Mailbag Monday: slow metabolism, weight watchers, gaining weight and fat intakeK
This week’s mailbag includes questions about losing weight with a slow metabolism, the Weight Watchers Diet, gaining weight and cutting fat out of the diet. If you have any questions you want answered, submit it at the bottom of this page.
Metabolism. According to the information on this site, I should be able to consume 2270 calories and not gain or lose weight. I always knew I had a slow metabolism and I’ve been keeping track of my calorie intake and my weight on a daily basis. Over the past 1-1/2 months my figures tell me that I can consume 900-1100 calories per day to maintain my current weight of 222lbs, but I have to drop to 800 calories to lose weight. What am I to do? I’m 5 feet, 6 inches and walk about 3-4 miles per week.
There’s some information that is missing but I’ll make some assumptions in order to answer the question. According to the calorie calculator, a female that is 5 feet, 6 inches, 45 years old, 222 pounds and has a light exercise routine (1-3x per week), burns around 2,300 calories. A male with the same characteristics would burn 2,700 calories. This estimation is based off of the Harris Benedict Equation which takes into account the above variables to estimate daily calorie needs. The problem is that this equation only takes into account body weight, it doesn’t discern between different types of body weight: fat vs. muscle.
The type of body weight you carry is important because it will have an effect on your energy needs. Someone that weighs 222 pounds and has a body fat of 5% will burn a lot more calories than someone that weighs 222 pounds but has a body fat of 30%. This equation doesn’t take body fat into account.
At your weight and height, you are considered obese by the BMI. A healthy weight range for your height is between 115-154 pounds. Since you said you have a slow metabolism, I’m going to assume that you have a high body fat percentage meaning that the calculator probably overestimated your needs. Some other likely reasons you’re not losing weight: not eating enough, not exercising enough and not building enough muscle.
Eating too little can actually slow down or stop your weight loss. Your body’s metabolism is very fluid. It adjusts in response to the environment you create. The two major contributing factors that you can change are how many calories you eat and how much you exercise.
When you cut your calorie intake very drastically (which you did by eating 1,000+ calories less than you burn each day), your metabolism will slow down to conserve energy. You should try and cut your calorie intake less drastically, by about 500 less than you burn per day. If you burn 2,300 calories per day, eat no less than 1,800 calories per day (eat 2,200 calories per day if you’re a male and burn 2,700).
Next, exercise more. Exercising will help speed up your metabolism which will help you burn more calories and lose more weight. If you have no health issues holding you back, you need to pick a form of exercise more rigorous than walking 3-4 miles per week. Try exercising for at least 45-60 minutes per day, 3-5x per week. Don’t ignore strength training. Strength training will help you build muscle which (as noted above) helps you burn more calories throughout the day. Muscle burns calories even at rest. Building more muscle increases your daily energy expenditure which helps you lose weight faster.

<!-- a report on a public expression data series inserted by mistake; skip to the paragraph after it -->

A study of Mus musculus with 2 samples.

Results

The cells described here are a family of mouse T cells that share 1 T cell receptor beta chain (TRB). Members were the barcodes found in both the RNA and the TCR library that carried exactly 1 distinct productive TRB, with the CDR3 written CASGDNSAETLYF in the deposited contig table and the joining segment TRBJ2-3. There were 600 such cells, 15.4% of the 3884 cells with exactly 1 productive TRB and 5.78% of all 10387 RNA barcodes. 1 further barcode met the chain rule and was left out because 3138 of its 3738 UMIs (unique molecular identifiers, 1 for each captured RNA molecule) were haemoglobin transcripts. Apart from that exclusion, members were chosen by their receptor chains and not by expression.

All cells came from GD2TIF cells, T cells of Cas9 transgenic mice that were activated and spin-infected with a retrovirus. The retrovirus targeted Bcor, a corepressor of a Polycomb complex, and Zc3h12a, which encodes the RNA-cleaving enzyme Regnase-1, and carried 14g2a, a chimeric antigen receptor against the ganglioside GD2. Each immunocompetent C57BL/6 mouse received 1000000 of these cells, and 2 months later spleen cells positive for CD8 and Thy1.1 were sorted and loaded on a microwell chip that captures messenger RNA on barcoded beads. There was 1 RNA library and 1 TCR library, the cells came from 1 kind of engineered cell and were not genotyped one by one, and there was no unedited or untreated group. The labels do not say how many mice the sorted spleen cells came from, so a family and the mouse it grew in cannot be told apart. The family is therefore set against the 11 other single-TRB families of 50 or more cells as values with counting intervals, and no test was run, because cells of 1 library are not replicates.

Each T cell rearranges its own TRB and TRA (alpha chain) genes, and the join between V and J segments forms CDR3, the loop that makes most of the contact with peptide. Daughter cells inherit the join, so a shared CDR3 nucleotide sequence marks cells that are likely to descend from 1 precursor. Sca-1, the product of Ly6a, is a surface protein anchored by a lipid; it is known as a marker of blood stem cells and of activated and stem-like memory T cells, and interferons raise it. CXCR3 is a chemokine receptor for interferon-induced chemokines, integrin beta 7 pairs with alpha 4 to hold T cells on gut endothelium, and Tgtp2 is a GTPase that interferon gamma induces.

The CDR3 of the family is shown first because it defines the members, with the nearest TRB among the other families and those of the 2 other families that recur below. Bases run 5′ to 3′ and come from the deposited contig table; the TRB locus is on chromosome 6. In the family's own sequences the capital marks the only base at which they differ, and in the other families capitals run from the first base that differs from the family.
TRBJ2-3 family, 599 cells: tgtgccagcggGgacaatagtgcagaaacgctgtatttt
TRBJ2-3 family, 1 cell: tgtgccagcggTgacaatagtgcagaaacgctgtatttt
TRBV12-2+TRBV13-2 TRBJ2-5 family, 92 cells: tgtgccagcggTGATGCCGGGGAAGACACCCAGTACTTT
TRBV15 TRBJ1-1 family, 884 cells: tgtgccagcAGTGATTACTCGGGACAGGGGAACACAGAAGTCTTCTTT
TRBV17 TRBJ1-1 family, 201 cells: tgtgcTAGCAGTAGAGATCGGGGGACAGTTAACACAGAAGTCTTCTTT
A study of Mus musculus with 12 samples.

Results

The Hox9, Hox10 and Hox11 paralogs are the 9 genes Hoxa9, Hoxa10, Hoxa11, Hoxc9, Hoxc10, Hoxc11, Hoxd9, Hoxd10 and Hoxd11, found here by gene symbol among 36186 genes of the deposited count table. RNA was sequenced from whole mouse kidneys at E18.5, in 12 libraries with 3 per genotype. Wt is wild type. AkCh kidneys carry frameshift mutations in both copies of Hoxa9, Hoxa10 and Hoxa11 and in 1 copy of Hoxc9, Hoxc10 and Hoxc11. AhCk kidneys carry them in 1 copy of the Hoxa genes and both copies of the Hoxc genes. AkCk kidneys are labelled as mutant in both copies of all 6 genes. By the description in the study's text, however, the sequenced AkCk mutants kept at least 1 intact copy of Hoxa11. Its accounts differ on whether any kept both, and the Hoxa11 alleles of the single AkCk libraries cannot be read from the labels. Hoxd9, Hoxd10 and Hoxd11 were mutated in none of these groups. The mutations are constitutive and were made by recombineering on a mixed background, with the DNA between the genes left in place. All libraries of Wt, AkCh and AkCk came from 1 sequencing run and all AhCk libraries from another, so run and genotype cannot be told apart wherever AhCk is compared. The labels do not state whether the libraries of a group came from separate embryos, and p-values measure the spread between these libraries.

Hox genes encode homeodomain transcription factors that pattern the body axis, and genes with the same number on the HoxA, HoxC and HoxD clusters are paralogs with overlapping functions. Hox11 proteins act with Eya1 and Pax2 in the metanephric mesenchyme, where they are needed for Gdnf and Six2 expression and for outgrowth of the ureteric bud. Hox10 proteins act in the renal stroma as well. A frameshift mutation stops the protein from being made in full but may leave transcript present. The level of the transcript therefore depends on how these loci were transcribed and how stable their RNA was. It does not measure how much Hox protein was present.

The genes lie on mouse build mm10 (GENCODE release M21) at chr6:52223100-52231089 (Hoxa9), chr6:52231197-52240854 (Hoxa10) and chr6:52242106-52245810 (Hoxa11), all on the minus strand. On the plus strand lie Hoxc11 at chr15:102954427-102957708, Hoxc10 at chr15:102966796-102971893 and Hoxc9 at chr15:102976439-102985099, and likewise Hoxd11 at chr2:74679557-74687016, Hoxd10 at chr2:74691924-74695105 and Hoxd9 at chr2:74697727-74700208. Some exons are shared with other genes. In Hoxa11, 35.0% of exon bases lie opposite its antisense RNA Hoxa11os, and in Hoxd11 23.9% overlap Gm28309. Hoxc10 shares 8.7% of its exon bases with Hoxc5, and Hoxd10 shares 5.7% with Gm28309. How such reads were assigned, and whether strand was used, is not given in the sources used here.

Read more: losing weight and metabolism
Weight Watchers. Does Weight Watchers work?
All successful weight loss plans work on the same system: if you burn more calories than you eat, you will lose weight. Knowing your calorie intake is a big part of a successful diet but for many, counting calories isn’t practical.
Weight Watchers tries to simplify calorie counting with a points system. As a paying member, you get access to the Weight Watchers Point system which gives a value to every food. Your calorie needs and weight loss goal will determine how many points you can eat in a day. This plan offers two main plans: in person or online only. If you choose the in person path, you get access to support groups in your local area that can help you with your weight loss goals. The online only version does not have that feature. If you are consistent, don’t cheat and exercise, Weight Watchers, just like any other diet, will work.
Gaining weight is a two step process. Step 1: Eat more – calorie surplus. Step 2: Strength training. A calorie surplus is a state in which you eat more calories than you burn. This surplus of energy, when combined with strength training, builds muscle. According to the calorie calculator, with moderate exercise, you would burn about 2,300 calories per day. If you ate 2,300 calories per day, your weight would remain the same.
To gain weight, you need to create a calorie surplus by eating more than 2,300 calories per day, about 500 more. At 2,800 calories per day, you should gain about 1 pound per week. If you want to gain muscle, you need to combine a calorie surplus with strength training. Simply eating more without exercising will cause you to get fat instead of muscular.
Cutting fat can help decrease your calorie intake and improve your overall health. When decreasing your fat intake, keep in mind that there are good and bad fats. Good (unsaturated fats) are found in non-meat products such as nuts, vegetables and oils. These fats can help decrease your risk for cardiovascular disease. Bad (saturated/trans) fats can increase your risk of cardiovascular disease and are found in animal products and some baked goods containing hydrogenated vegetable oil. Sources include meat, eggs, dairy products, some peanut butters and vegetable shortening. If you want to cut down your fat intake, focus on getting rid of the bad sources of fats in your diet.